Key questions about the Government’s Universal Credit scheme, as ex-work and pensions secretary Iain Duncan Smith warned the welfare reform needs an additional £2 billion to operate as planned.
He spoke after former prime minister Sir John Major called for a rethink of the national rollout.
– What is Universal Credit?
UC replaces six existing benefits – Income Support, Income-based Jobseeker’s Allowance, Income-related Employment and Support Allowance, Housing Benefit, Working Tax Credit and Child Tax Credit – with a single payment.
– When is it being introduced?
UC is being rolled out gradually across the country, starting in pilot areas in 2013. So far, only new benefit claimants have been put onto the system.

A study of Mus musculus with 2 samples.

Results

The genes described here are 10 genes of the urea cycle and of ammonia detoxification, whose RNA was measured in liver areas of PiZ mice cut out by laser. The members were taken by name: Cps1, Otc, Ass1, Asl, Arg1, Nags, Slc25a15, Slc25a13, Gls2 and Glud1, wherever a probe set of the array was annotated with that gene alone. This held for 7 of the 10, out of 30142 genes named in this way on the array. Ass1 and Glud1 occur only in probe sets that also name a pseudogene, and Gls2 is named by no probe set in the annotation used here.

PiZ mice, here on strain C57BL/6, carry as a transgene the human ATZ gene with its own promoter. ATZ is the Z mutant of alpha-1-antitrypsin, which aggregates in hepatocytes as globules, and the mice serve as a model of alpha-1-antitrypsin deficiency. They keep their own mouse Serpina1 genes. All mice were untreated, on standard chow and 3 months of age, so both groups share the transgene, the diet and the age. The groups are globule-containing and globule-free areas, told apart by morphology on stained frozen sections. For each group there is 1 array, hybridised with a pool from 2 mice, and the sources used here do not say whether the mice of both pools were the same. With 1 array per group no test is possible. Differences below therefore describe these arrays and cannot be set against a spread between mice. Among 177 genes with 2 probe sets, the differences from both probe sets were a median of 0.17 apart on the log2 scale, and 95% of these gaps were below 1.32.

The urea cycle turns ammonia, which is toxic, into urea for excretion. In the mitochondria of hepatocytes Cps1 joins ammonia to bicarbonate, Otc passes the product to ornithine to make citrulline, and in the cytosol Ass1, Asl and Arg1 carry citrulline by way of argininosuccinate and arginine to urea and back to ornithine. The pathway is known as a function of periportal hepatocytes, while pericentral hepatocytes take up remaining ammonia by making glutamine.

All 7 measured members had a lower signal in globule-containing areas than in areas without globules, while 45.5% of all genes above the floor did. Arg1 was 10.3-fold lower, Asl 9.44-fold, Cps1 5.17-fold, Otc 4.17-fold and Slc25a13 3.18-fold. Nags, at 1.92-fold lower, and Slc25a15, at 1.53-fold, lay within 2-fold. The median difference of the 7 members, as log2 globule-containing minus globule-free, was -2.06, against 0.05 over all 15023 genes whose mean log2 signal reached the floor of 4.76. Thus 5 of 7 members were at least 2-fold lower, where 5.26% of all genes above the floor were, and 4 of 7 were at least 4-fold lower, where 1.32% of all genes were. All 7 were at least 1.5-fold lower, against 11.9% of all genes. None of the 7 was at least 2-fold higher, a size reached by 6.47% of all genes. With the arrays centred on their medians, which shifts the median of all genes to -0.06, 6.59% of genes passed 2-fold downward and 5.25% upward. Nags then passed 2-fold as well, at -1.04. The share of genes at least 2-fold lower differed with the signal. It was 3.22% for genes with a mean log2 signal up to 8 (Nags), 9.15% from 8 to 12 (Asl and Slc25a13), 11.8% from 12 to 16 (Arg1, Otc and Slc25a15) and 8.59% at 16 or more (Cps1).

But from July 2019, around 2 million people already receiving the old benefits will be moved onto UC, in a “managed migration” which is not due for completion until 2023.
– Who will be affected?
Among those being moved to UC will be about 1 million working families and 745,000 people unable to work because of long-term illness or disability.
The Government has provided a pot of money for “transitional protection”, which ministers say will ensure that no existing claimants suffer a cut to payments in cash terms unless their circumstances have changed.
– Will there be a wait for payments?
UC is paid in arrears, and the first payment is not made until at least five weeks after a claim is lodged. Claimants can apply for advance payments to avoid hardship while they wait.
– Why is UC being introduced?
Ministers say that the new system is simpler and easier to understand than the old benefits. They believe it creates incentives for claimants to take on temporary work or increase hours.
Work and Pensions Secretary Esther McVey says that when UC is fully rolled out, it will deliver £8 billion of benefits to the UK economy per year.